The instrument in such an affair


was a rustle of footsteps, very plain, that followed the Duke's words. I turned to the room behind me, again, and saw that Mr. Huddleston too had heard what had passed. He was standing up, very pale and agitated, with the book clasped in his hands. I moved down the steps again so as not to block the way; and again there followed a silence, in the midst of which I heard a door latched somewhere in the Bedchamber.

Then, suddenly, the door opened at the head of the stairs; and the Duke stood there, he too as pale as death. He nodded once, very emphatically, and disappeared again. Then the priest went by me without a word, up the steps and so through. The door, as before, remained a crack open. I went up to it, and put my eye to the crack.

On the left was the end of the bed, with the curtains drawn across it; and beyond the bed I could see the whole room down to the end, for the candles were burning everywhere, as well as the fire. I could see the great table before the hearth, the physician's instruments and bottles and cupping-glasses upon it, the chairs about it; the tall furniture against the walls, and at least half a dozen clocks, whose ticking was very plain in the silence. Three figures only were visible there. That nearest, standing very rigid by the table, was Mr. Chiffinch: of the two beyond I could recognize only my Lord Bath whose face looked this way: the other I supposed to be my Lord Feversham. The

Duke was not within sight. He was kneeling, I suppose, out of my sight, beyond the bed.

Then I heard His Majesty's voice very plain, though very weak and slow.

"Ah!" said he, "you that saved my body is now come to save my soul."

There was the murmur of the priest's voice in answer. (The two of them were not more than three or four yards away from me, at the most.) Then again I heard the King, very clear and continuous, though still weak, and not so loud as he had first spoken.

"Yes," said he, "I desire to die in the Faith and Communion of the Holy Roman Catholic Church. I am sorry with all my heart that I have deferred it for so long; and for all my sins."

(He said it quite distinctly, as if he had rehearsed it beforehand.)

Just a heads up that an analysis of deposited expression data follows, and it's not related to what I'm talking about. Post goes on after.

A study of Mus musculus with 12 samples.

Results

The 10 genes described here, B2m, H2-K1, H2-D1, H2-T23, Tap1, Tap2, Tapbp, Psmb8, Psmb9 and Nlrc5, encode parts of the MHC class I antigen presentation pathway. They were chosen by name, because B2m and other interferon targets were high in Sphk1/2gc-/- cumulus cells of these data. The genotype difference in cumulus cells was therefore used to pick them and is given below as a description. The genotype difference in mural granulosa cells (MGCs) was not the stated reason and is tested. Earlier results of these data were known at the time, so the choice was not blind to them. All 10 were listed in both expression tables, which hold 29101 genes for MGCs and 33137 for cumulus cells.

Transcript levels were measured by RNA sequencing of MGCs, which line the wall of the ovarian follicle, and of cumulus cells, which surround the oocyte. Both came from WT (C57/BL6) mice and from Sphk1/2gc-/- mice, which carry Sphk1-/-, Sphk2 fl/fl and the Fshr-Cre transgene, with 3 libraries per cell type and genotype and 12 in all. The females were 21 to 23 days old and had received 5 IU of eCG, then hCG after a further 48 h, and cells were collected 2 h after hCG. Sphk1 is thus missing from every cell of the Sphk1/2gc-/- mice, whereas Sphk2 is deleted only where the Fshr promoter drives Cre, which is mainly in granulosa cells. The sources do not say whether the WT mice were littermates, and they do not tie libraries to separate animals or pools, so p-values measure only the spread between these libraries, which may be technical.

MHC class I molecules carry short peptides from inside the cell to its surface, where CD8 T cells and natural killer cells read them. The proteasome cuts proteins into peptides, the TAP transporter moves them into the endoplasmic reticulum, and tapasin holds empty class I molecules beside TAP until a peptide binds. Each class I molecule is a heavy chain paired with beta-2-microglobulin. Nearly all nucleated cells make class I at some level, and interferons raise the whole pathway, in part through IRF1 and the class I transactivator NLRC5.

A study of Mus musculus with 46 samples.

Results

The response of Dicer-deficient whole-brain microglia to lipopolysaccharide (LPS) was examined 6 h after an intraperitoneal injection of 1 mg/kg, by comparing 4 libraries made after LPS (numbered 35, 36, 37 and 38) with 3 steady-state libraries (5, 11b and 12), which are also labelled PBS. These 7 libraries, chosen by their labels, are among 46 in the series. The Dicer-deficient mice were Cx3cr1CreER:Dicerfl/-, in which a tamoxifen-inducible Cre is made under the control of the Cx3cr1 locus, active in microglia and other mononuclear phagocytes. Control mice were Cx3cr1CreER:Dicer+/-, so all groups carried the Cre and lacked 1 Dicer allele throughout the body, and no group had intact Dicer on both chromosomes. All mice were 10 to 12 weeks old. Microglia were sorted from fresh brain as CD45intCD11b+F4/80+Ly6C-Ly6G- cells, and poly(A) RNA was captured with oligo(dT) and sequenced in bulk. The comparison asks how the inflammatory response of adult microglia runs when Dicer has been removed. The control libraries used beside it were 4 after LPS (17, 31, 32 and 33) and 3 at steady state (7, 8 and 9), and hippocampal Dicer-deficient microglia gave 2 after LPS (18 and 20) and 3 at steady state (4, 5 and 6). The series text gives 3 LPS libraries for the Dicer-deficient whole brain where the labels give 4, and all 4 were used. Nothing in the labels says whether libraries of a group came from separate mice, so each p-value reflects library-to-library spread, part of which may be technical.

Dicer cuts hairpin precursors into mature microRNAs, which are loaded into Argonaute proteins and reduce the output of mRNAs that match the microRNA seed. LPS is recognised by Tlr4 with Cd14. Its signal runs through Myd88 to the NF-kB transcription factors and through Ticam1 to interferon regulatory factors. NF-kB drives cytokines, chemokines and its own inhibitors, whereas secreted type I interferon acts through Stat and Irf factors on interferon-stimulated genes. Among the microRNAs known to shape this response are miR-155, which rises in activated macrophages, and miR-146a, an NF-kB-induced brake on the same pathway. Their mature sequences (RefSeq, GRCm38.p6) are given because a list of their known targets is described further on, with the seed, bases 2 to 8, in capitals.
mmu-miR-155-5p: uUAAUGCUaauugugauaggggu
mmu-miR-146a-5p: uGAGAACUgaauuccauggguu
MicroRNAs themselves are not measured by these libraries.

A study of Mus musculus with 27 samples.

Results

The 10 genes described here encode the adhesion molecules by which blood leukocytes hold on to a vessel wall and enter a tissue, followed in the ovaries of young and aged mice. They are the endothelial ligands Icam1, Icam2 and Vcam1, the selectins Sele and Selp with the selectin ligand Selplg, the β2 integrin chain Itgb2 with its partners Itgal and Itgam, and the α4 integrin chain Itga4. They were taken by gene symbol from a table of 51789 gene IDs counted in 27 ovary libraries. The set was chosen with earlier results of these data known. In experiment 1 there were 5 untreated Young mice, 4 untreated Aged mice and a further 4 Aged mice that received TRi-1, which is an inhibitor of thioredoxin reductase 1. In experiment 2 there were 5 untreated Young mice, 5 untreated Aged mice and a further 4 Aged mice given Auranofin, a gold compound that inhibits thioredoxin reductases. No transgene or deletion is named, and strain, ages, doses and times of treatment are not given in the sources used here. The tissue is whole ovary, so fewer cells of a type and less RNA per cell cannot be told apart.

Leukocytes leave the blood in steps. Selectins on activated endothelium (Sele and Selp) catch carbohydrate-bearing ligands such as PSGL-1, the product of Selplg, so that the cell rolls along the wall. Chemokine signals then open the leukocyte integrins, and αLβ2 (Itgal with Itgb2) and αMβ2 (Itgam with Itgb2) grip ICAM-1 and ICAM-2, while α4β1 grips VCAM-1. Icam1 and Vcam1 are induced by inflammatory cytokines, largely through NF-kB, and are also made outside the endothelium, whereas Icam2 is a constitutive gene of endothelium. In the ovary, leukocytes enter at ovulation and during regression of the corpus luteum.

Then the priest and he spoke together--the King repeating the priest's words sometimes, and sometimes volunteering word or two of his own.

He said that through Christ's Passion he hoped to be saved; that he was in charity with all the world; that he pardoned his enemies most heartily, and desired pardon of all whom he had offended; that if God would yet spare him, he would amend his life in every particular.

All that I heard with my own ears, and with inexpressible comfort. His Majesty's voice was low, but very distinct, though sometimes he spoke scarce above a whisper; and I do not think that any man who heard him could doubt his sincerity--however late it was to shew it. But he was not altogether too late, thank God!

* * * * *

So soon as His Majesty began his confession, after Mr. Huddleston's moving him to it, I slipped away from the door and began, as softly as I could to walk up and down the little chamber again. I was satisfied beyond measure: yet it seemed to me sometimes near incredible that I should in very truth, be here at such a time, and that I should have been, under God's merciful Providence, the instrument in such an affair. My life was ended, I knew well enough now, in all matters that the world counts life to consist of; yet was there ever such an ending? I had seen all else go from me--my natural activities of every kind, my ambitions, even the most sacred thing that the world can give, after the Love of God, and that is the love of a woman! Yet the one purely supernatural end that I had set before me--that end to which, four days ago, I had said, as I thought, good-bye for ever in the Duchess of Portsmouth's gallery--this was the one single thing that was mine after all. I could take that at least with me into the cloister, and could praise God for it all my life long--I mean the conversion of the man that was called King of England, the man who, for all his sins and his treatment of me, I yet loved as I have never loved any other man on earth. I think that in those minutes of sorrow and joy as I paced up and down the little room, my dearest Dolly was not very far away from me and that she knew all that I felt.